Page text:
Pronunciación: /sɛˈfɒlədʒi/
/sɪˈfɒlədʒi/

Definición de psephology en inglés:

sustantivo

[mass noun]
The statistical study of elections and trends in voting.
Oraciones de ejemplo
  • As you know, psephology is the formal study of elections, apparently trivial but dripping with deep, dark paradoxes.
  • Chapter 3, ‘On New Labour's Ups - and Downs ’, is concerned with the impact of psephology (and particularly the 1950s consensus-era electoral analysis of Anthony Downs) on Labour's ‘catch-up’ strategies.
  • Richard Dawkins has a touching faith in psephology if he believes that ‘no plausible swing could even bring us close to a Tory majority’.

Derivados

psephological

1
Pronunciación: /sɛfəˈlɒdʒɪk(ə)l/
adjetivo
Oraciones de ejemplo
  • Labour's landslide in 1997 was a psephological freak: it was caused by Tory voters withholding their votes rather than Labour actually winning them.
  • He chronicles the many elections of the period 1932-3, but offers little explanation of the psephological trends the polls indicated.
  • Sophisticated psephological exercises, opinion polling and trawling of focus groups are still less reliable political guides than human instinct.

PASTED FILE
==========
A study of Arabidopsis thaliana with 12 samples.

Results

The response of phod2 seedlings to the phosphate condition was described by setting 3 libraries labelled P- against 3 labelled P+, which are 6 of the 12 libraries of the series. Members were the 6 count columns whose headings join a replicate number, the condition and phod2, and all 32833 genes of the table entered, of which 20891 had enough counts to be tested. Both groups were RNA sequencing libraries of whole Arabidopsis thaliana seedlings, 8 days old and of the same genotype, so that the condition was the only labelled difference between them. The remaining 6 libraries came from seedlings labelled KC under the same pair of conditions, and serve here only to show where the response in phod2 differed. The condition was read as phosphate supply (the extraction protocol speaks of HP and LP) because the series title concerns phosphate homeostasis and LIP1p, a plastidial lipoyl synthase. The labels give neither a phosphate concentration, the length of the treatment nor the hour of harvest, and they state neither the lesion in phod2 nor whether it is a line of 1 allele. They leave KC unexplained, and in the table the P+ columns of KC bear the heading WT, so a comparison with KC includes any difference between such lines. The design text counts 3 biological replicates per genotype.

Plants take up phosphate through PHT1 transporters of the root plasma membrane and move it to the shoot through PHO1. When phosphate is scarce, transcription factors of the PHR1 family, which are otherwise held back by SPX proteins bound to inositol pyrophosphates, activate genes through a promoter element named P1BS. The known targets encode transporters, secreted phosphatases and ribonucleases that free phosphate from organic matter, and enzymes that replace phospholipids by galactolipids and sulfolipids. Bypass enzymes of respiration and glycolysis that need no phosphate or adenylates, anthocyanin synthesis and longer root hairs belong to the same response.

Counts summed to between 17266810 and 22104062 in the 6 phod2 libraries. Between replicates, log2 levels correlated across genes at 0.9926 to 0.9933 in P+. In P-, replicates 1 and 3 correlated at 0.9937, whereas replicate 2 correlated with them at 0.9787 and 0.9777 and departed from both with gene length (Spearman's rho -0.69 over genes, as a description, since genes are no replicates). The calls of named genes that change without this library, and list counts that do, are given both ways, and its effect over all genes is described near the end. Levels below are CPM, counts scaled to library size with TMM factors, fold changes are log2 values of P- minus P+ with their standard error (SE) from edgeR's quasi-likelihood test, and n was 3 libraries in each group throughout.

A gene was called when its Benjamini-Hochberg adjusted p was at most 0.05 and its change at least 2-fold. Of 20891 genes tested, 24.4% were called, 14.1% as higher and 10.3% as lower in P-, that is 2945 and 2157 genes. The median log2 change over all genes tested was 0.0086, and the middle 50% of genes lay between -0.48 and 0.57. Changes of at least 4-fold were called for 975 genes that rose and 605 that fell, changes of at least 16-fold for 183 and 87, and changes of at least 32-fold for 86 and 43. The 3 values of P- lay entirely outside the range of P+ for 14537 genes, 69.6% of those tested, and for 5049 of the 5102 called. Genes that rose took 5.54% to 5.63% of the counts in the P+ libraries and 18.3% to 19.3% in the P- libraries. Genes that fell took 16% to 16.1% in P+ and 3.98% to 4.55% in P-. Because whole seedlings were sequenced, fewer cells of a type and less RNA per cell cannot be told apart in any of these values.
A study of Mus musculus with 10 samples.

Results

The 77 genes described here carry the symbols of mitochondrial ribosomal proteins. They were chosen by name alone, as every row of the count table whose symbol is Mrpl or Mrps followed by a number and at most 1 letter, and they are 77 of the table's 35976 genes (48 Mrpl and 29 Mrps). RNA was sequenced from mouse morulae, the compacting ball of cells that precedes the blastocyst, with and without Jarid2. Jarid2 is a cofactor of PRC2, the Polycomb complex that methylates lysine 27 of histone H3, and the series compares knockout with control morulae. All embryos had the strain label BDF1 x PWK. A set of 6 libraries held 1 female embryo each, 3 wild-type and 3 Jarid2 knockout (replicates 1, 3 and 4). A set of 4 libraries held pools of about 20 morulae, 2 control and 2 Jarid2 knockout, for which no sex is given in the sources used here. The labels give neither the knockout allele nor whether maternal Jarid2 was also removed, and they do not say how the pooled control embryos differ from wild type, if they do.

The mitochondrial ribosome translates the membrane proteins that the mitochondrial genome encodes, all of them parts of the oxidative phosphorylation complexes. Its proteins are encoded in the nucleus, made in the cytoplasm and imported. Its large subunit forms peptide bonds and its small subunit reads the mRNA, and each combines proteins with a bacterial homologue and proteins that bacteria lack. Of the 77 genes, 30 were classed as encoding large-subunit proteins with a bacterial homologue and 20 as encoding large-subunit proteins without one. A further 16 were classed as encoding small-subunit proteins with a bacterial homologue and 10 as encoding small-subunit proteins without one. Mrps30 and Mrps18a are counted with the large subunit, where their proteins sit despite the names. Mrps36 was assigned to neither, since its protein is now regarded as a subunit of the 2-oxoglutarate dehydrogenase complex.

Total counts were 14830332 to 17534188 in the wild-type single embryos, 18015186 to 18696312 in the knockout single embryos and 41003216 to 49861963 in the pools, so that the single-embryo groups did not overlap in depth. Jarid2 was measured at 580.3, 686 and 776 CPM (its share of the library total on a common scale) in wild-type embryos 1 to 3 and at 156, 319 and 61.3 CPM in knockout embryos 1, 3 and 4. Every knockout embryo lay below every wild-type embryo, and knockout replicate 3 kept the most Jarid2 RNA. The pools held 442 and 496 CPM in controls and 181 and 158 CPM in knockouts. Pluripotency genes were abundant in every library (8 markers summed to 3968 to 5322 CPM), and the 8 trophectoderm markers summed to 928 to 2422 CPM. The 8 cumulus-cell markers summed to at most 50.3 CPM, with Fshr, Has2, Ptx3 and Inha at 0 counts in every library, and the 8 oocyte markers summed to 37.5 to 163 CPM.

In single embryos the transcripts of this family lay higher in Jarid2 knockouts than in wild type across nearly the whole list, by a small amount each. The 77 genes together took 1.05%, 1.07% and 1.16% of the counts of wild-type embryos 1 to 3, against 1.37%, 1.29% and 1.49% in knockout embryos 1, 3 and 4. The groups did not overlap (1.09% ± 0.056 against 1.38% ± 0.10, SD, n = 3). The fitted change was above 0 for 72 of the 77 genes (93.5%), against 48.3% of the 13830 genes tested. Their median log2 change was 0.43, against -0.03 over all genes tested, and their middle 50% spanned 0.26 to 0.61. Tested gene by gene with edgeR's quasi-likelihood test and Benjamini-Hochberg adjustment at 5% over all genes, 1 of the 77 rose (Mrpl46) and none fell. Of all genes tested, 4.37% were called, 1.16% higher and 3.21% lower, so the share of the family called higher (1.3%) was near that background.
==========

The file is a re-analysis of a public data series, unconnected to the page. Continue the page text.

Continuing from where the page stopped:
psephologically

2
Pronunciación: /sɛfəˈlɒdʒɪk(ə)li/
adverbio
Oraciones de ejemplo
  • While ahead of its market, its political loyalties do not always give it priority on Labour exclusives over its far-deeper-downmarket rival, Rupert Murdoch's candidly salacious but psephologically crucial News of the World.
  • The attempt to depict the President in the most negative light possible - as a deserter and shuffler - doesn't seem to have had much impact psephologically.

psephologist

3
Pronunciación: /sɛˈfɒlədʒɪst/ /sɪˈfɒlədʒɪst/
sustantivo
Oraciones de ejemplo
  • Roughly 11m people a day read the Sun, people said by most psephologists to matter crucially at elections because most are swing voters without a firm party allegiance.
  • Yet all of these wards have, to varying degrees, relatively large number of voters, certainly larger than most opinion polls or focus groups that psephologists rely on to gauge voting intentions before elections.
  • Even in this unique double Holyrood / Westminster ballot - a psephologist's gift - there was not one single opinion poll in the entire campaign.

Origen

1950s: from Greek psēphos 'pebble, vote' (from the ancient Greeks' practice of using pebbles to cast votes) + -logy.